Marconi, the telecom equipment maker, sparked a City row yesterday when it announced plans to reprice its share option schemes to take account of the dramatic fall in its shares.
Marconi is asking shareholders to approve a plan to cut in half the exercise price of key executive options. It is also halving the exercise price of a wider scheme in which 34,400 Marconi staff participate.
The new schemes will replace the existing option packages, which are worthless because of the collapse in Marconi's shares. The company will present the new plans to shareholders at Marconi's annual meeting on 18 July.
The repricing angered corporate governance bodies and fuelled fears that if Marconi is successful it will open the floodgates to a wave of copycat schemes, particularly from companies whose share prices have been hardest hit by the dot.com fallout.
The National Association of Pension Funds, said: "NAPF members are extremely reluctant to see the repricing of options because shareholder funds have already dropped, and this represents a further committal of funds."
The Association of British Insurers (ABI) said: "In principle, we don't like the rebasing of options. But there is a floor price [in the new scheme] which is at a substantial premium to the current share price. That makes some difference."
Marconi was understood to have been originally pushing for an even more generous scheme but modified the terms after discussions with the ABI.
Some of Marconi's biggest institutional shareholders were furious about the repricing. One senior fund manager said: "What this does is draw attention to management under-performance. A company has to be in a pretty bad way to come back to its shareholders and ask for the share options to be rebased. This is a bold enterprise in the re-direction of a company which does not appear to have succeeded."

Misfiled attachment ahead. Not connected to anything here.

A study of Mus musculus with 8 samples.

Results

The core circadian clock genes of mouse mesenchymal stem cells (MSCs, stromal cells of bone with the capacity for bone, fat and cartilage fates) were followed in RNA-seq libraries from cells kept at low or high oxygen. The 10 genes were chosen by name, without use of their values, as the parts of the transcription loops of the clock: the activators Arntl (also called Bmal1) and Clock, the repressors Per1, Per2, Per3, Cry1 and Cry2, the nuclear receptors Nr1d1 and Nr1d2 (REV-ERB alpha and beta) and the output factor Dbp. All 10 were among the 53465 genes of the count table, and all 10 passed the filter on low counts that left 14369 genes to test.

The terms of the original Marconi option scheme were devised in 1999, when the company was born out of the old GEC defence empire. The executive scheme granted options at prices ranging from £6.70 to £10.98.
At the end of 1999, Marconi's shares soared on the back of the dot.com boom, from about 500p in Autumn 1999 to a peak of £12.50p last summer. The surge was worth millions to Lord Simpson, Marconi's chief executive, and its finance director John Mayo. Lord Simpson held 1.4 million options priced at 311p and a further 1.5 million at 801.5p. Mr Mayo held 1.1 million at 331p and 1.7 million at 801p.
But the stock subsequently crashed to just 266p after the market turned on telecoms and technology companies and a string of broker downgrades.
The exercise price under the new scheme has been cut to a flat rate of 400p, or a 10 per cent premium to the market price, whichever is highest. The number of options has also been cut in half. The exercise price for the wider scheme that involves 34,400 staff has been cut from £16.03 to £8.
Marconi sought to justify the changes by saying: "Having undertaken a detailed financial review the renumeration, [the] committee believes that these changes are essential if Marconi is to remain internationally competitive and motivate its key people."